WWE Star Chyna Was A Feminist Icon Who Lived A Hell Of A Life

“Hope you have a beautiful day,” the former WWE wrestling champion Chyna aka Joanie Laurer said as she signed off from a video she posted online recently. “Wake up, wake up, wake up! Or sleep in. Or stay in bed all damn day. It’s Sunday, right? Love y’all, peace.”

The 45-year-old was pronounced dead days later, on April 20, 2016. Fans had expressed concern that she was slurring her words and making bizarre comments throughout-out the 13-minute clip, which saw her making a smoothie and pottering around her home in Redondo Beach in California. She had openly battled addiction for years, appearing on Celebrity Rehab With Dr. Drew in 2008. In 2010, she was hospitalised after an overdose.

The video certainly wasn’t a fitting epitaph for a woman who can, and should, be described as a legitimate feminist icon. Active as a world-famous pro wrestler from 1997 to her controversial departure from the company in 2001, she assured a generation of a young fans that a female wrestler could be as much of a badass as the men. As she put it in a 1999 interview with The Boston Herald: “[I realised] I could go out and be this big, huge female and entertain people. That’d be my niche.”

And she fully owned that niche, becoming a bodyguard to Triple H, a fellow WWE (named WWF when she joined) wrestler who looked like he could handle himself. She was the first – and last – woman to win the WWE Intercontinental Championship. She was the first woman to enter the Royal Rumble. 67,000 fans watched her win the WWE Woman’s Championship at Wrestlemania 17 in 2001. The woman weighed 180 pounds and could bench press 350. She was a fucking don.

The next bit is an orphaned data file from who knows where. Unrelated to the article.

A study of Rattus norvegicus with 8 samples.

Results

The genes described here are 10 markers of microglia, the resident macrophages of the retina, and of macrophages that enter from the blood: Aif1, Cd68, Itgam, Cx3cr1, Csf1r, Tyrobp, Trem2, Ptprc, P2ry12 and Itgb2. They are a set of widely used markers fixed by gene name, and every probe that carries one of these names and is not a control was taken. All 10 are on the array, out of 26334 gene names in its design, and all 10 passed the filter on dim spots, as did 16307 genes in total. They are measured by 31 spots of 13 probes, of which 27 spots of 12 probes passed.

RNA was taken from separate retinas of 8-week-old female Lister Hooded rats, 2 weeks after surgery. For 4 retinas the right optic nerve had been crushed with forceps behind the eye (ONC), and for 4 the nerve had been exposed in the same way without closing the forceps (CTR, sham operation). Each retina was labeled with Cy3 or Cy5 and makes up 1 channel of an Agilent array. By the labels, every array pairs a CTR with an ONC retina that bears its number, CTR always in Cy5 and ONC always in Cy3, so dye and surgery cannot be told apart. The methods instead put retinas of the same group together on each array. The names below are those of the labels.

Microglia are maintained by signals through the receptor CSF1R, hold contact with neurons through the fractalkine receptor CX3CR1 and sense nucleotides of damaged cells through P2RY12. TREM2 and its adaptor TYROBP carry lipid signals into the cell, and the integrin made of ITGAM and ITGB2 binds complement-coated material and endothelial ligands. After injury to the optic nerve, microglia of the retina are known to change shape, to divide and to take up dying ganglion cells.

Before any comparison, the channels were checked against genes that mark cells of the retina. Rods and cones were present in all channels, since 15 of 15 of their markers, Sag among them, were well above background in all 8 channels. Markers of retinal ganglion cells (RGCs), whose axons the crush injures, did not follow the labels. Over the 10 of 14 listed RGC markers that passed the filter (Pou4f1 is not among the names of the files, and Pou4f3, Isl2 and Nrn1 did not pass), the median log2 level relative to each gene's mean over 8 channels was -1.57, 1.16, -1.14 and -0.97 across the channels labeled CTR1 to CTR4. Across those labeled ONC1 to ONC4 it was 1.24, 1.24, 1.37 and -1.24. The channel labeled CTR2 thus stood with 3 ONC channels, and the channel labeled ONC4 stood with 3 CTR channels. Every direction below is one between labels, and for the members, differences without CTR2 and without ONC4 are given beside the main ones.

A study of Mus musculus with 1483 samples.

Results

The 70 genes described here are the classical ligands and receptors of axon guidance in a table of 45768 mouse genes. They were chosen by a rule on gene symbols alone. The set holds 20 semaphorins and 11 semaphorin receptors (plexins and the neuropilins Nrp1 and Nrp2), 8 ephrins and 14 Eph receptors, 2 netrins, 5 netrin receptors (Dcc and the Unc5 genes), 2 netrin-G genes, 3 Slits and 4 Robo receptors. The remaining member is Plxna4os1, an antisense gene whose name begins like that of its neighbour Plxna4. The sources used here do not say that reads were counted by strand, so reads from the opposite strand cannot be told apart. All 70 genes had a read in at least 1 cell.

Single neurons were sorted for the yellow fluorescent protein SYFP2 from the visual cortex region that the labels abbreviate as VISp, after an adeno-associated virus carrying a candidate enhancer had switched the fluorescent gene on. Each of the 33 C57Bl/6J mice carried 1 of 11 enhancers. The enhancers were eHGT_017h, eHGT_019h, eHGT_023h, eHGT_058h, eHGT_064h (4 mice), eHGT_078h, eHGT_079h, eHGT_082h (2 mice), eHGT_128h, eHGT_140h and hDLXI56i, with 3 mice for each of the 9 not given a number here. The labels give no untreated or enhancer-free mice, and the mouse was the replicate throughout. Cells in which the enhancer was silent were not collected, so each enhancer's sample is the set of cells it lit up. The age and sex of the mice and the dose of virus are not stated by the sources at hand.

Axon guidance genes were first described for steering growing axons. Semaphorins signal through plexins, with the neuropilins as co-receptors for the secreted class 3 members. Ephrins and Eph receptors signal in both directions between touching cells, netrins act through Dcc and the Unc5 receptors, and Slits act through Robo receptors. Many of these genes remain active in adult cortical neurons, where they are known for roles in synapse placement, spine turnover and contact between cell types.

Born in Rochester, New York, in 1970, Laurer studied at the local high school during a childhood she once darkly referred to as “dysfunctional”. Yet she overcame difficulties and graduated from the University of Tampa with a degree in Spanish Literature, becoming a skilled linguist who could speak Spanish, French, German and Japanese.

Laurer struggled throughout her twenties to find her place in life. After trying her hand at bartending, singing and being a saleswoman, she joined a wrestling school run by Walter ‘Killer’ Kowalski’, who was big in the game between the 1950s and 1970s. Having recognised her own talent, she dubbed herself “The ninth wonder of the world”, as cult wrestling champion Andre the Giant had proclaimed himself to be the eighth.

Although she became a WWE icon between 1997 and 2001, her time at the company ended under a cloud. She claimed her contract was not renewed because ex-boyfriend Triple H had campaigned against her, though this was never proved. Yet Chyna proved herself a true fighter, turning to whichever genre could offer the most financial support and fame at the time.

In 2004 she released a sex tape with Sean Waltman, a fellow wrestler with whom she was in a tumultuous relationship. One Night in Chyna – a nod to Paris Hilton’s 2003 sex tape One Night In Paris – sold over 100,000 copies. This ushered her into her into the then-lucrative porn industry and she starred in films such as Backdoor to Chyna and the WWE-themed Chyna Is Queen of the Ring. She was never inducted into the WWE Hall Of Fame, which some ascribed to an aversion to her adult films.

She also turned to reality TV during the genre’s mid-noughties boom, appearing in VH1 show The Surreal Life, which saw celebrities kick it in a mansion in Hollywood for two weeks (she in series four starred alongside Austin Powers star Verne Troyer). She made cameos in TV shows such as 3rd Rock from the Sun and Sabrina the Teenage Witch and took a starring role in the B-movie Illegal Aliens with famous heiress Anna Nicole-Smith. Yes, Joanie Laurer was one hell of a survivor.

In 2002 she boxed a Coney Island man named Joey Buttafuoco, who had found infamy when his teenage mistress shot and injured his wife. Chyna lost the fight, but she was never afraid to have a go. And, for that, she was an essential feminist role model.